Where do Hawaii State Leaders Send Their Children for School?
According to this KITV investigation, “half of the children of state lawmakers attend private school, which is three times the rate of the rest of Hawaii’s school-aged population. And nearly two-thirds of state lawmakers never had a child enrolled in the public school system they oversee.”
The report is very telling, though I don’t think for the immediately obvious reason. KITV’s investigation shows what state leaders think of the schools they run, and this is important, revealing information. For citizens frustrated with the state of education in Hawaii, it’s tempting to take the next step and think “Hypocrites!” when looking at legislators who oversee the troubled public schools while sending their children off to private schools. It’s tempting to think that those who run the state's schools ought to be required to send their own children to them.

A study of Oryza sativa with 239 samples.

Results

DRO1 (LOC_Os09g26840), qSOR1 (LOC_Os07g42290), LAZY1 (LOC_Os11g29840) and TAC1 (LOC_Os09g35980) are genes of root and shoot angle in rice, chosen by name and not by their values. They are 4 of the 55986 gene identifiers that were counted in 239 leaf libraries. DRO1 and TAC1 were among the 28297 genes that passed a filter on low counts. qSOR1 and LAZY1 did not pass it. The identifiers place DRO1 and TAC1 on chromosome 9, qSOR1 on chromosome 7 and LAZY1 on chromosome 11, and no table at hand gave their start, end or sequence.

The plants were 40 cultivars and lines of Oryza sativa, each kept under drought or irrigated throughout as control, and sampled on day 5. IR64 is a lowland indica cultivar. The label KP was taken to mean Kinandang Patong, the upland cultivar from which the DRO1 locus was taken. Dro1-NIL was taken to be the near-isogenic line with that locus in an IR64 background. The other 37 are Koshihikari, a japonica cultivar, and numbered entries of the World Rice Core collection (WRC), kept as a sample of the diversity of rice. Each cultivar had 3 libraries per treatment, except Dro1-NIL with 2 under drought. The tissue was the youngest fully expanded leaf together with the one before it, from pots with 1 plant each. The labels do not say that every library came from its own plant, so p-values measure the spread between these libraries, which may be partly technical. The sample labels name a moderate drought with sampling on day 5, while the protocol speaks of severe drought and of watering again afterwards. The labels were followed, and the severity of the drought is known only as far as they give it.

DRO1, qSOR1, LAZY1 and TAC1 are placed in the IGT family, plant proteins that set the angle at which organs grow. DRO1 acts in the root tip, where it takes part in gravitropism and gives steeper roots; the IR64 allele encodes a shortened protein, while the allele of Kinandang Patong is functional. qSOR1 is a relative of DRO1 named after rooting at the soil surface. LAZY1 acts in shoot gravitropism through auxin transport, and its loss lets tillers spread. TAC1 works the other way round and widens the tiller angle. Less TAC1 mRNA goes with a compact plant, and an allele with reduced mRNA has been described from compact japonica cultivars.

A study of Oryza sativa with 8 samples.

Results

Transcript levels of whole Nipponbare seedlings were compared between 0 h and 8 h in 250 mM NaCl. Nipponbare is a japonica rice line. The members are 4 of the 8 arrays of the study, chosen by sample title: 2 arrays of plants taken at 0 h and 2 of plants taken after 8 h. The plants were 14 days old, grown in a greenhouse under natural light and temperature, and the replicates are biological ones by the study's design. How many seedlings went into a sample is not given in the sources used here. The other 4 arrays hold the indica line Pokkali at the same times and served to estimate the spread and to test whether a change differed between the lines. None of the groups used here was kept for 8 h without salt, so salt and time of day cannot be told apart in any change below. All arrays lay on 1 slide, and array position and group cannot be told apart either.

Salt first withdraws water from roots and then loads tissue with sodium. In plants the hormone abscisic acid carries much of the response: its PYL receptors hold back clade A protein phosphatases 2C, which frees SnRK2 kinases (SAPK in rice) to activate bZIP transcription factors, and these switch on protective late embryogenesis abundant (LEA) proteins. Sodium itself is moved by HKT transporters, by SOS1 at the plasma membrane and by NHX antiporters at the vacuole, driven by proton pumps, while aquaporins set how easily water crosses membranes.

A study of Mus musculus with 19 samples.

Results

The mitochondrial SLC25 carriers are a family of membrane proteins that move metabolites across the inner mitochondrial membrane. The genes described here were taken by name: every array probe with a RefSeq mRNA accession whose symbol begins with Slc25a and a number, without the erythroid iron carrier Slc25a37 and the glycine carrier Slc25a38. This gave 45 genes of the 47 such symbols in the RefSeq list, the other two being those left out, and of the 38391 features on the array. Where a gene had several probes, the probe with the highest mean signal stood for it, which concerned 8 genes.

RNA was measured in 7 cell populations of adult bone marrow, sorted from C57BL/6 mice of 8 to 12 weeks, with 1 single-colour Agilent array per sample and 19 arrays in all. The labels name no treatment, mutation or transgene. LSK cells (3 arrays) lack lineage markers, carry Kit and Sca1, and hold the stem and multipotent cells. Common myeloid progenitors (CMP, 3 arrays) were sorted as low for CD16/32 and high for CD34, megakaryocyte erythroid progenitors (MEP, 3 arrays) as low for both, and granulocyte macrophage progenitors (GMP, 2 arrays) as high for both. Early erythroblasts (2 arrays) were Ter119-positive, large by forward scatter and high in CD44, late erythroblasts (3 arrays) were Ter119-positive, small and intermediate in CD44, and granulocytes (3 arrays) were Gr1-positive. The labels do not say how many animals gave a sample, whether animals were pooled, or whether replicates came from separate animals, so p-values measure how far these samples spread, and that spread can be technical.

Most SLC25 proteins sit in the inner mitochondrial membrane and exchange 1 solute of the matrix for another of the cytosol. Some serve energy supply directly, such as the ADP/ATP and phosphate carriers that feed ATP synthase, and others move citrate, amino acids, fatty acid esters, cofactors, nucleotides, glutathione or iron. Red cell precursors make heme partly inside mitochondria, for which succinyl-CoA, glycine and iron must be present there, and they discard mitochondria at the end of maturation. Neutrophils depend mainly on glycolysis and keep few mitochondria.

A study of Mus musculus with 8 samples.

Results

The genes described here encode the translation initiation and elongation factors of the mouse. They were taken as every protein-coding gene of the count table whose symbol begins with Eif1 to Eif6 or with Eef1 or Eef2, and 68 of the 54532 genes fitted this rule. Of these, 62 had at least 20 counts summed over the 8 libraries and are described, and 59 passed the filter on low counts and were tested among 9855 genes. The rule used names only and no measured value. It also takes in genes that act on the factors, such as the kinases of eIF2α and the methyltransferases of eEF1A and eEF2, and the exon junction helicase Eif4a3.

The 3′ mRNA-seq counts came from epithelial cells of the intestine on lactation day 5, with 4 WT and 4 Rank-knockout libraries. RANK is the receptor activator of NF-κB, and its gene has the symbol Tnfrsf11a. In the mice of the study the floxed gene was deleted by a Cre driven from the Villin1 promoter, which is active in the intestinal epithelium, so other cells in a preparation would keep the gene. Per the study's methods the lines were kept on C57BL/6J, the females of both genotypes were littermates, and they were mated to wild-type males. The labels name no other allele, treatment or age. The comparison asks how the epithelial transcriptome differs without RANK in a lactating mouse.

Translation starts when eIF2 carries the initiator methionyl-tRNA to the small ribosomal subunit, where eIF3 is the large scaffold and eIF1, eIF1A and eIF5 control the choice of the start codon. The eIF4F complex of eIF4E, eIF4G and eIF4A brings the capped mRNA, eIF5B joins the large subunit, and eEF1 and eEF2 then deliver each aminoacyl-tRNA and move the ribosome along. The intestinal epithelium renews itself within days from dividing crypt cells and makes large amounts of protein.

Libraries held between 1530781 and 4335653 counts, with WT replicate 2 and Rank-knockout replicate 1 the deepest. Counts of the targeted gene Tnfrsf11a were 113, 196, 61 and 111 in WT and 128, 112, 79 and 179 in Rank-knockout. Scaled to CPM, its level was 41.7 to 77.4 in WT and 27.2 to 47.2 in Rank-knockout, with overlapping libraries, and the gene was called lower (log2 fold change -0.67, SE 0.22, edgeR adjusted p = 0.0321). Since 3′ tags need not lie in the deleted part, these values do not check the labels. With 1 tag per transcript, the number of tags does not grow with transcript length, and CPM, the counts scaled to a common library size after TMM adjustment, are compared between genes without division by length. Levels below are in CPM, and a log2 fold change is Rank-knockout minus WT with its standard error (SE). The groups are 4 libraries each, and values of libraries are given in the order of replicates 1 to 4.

I’d sympathize with that sentiment, but disagree. That’s a version of the chicken-hawk argument, the political bludgeon some politicians themselves reach for when they want to score points on hawkish colleagues who don’t themselves have children in the military to put at risk.
You don’t need to have a kid in public school to have an opinion on the schools. Even citizens with no children at all have every right to insist on a quality public education for all, and so do parents—whether they are legislators or not—who choose to send their kids to private schools. The public schools belong to all of us, and we all pay for them to perform a mission we agree is vital to a healthy democracy.
To me the maddening thing is that these leaders who can make a choice between the two school systems do little to extend that choice to the rest of the public. They could do so any number of ways—vouchers that parents could use for any school they choose; or a massive expansion of the charter school system; or even just improving the public schools, so that the people who lack the means these legislators possess to make a choice don’t have to feel stuck with what they've been given.